Bilerico Report

Donald Trump wants to set the religious right loose on you


John Gallagher

Religious right leaders have been quick to embrace Donald Trump, despite his violation of every moral principle they purport to love. Now Trump has returned the favor. In a speech last week at the Values Voter Summit, a jamboree for the religious right, Trump made it clear that he will give anti-gay evangelicals carte blanche if he’s elected president.

Trump started at a low point and went down from there. Trump began by expressing his appreciation for one of the right’s premier homophobes, Tony Perkins. “I wanted to thank our host, Tony Perkins, for his years of leadership,” Trump cooed about the head of the Family Research Council, a hate group. As if that wasn’t enough, Trump also did a shout out to another homophobe (and fellow Putin lover) Franklin Graham.

Then Trump promised the religious right basically anything it wanted, in his signature syntax. “In a Trump administration, our Christian heritage will be cherished, protected, defended, like you’ve never seen before,” he told the cheering crowd. “Believe me. I believe it. And you believe it. And you know it. You know it.”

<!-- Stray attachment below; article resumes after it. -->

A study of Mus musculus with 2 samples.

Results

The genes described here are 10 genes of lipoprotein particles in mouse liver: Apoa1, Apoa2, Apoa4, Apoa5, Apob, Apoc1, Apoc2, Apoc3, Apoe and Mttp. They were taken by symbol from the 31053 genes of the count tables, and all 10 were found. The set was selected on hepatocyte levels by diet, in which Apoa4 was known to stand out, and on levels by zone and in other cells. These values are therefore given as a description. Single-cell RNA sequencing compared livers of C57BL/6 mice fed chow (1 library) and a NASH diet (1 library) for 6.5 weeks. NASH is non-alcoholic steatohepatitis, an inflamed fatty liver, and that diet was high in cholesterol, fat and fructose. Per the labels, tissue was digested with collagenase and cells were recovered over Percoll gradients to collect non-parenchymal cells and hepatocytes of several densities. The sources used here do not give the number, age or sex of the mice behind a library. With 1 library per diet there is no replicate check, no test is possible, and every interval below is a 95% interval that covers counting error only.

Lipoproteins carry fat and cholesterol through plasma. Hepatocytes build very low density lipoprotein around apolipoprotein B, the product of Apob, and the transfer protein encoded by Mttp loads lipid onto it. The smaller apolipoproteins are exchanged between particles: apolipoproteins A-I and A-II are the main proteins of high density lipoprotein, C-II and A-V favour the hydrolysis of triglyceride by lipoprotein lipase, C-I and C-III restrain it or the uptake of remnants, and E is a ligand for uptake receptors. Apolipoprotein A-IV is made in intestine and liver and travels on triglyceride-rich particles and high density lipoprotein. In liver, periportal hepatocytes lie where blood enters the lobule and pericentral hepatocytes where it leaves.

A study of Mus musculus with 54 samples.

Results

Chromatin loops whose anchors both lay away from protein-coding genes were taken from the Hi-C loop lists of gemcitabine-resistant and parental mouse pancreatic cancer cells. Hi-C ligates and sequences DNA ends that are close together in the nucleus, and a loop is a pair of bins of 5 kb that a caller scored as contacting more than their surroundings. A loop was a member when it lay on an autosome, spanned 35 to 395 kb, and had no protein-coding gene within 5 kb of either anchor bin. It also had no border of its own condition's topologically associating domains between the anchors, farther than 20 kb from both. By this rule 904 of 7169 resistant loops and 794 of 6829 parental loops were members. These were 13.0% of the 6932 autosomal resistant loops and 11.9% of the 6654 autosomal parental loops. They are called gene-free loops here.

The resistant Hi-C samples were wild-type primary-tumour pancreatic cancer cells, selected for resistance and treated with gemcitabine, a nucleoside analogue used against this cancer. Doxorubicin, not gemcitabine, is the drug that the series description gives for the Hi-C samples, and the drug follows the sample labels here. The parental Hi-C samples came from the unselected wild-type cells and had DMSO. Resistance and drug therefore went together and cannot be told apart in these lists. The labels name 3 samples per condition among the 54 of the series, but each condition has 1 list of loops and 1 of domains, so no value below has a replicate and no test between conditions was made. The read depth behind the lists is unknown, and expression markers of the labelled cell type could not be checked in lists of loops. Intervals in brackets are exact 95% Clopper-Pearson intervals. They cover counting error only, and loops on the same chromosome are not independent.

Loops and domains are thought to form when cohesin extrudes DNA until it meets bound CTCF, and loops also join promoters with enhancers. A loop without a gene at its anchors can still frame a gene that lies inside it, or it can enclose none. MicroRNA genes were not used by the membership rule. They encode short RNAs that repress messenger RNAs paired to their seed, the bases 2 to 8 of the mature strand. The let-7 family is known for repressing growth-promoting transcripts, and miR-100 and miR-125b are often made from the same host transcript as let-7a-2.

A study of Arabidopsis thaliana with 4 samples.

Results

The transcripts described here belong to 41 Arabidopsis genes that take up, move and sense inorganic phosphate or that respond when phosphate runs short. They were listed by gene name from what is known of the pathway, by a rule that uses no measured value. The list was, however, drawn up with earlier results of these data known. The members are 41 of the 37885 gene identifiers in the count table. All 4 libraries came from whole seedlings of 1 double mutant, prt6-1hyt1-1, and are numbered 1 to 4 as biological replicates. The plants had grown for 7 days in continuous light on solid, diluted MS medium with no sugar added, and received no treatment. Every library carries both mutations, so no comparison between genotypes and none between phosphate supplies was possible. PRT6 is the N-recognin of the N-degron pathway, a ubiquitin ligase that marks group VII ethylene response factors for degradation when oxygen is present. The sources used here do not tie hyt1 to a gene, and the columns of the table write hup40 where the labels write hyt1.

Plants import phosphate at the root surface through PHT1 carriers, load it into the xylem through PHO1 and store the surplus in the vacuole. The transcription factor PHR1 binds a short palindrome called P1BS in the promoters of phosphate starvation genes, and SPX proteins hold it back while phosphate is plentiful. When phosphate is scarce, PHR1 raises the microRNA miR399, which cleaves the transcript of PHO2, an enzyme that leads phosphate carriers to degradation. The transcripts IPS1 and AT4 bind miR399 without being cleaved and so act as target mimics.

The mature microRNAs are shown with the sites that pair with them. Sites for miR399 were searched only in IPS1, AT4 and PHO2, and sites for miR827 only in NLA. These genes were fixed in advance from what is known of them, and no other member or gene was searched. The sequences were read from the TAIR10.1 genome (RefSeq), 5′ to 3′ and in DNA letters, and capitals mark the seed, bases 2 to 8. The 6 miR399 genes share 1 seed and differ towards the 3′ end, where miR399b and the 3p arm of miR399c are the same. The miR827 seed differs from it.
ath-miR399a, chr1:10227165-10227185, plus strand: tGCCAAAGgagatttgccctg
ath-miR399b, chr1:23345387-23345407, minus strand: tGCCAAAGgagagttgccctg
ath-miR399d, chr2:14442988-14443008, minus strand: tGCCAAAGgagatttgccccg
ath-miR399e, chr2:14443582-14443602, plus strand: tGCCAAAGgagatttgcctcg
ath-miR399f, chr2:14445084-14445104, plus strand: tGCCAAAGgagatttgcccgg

That includes some important sops to the religious right. One is the appointment of judges who will uphold anti-gay bigotry under the guise of religious liberty.

“I have pledged to appoint judges who uphold the Constitution, to protect your religious liberty, and apply the law as written,” Trump said. “We reject judges who rewrite the Constitution to impose their own person views on 300 million-plus Americans.”

The other issue that will cheer antigay forces is Trump’s pledge to allow religious institutions to get involved in politics without losing their tax-exempt status. That’s a policy that is rarely enforced (obviously, given his audience), but that could have an outsized impact on local ballot initiatives.

Of course, the thudding irony is that Trump’s familiarity with matters of faith is about as deep as his foreign policy expertise. But that didn’t matter to his audience, who enthusiastically embraced his muddled ideas.

In July, Donald Trump promised to protect the LGBTQ community from “the violence and oppression of a hateful foreign ideologies.” Maybe. But he clearly won’t do anything to protect us from hateful domestic ones.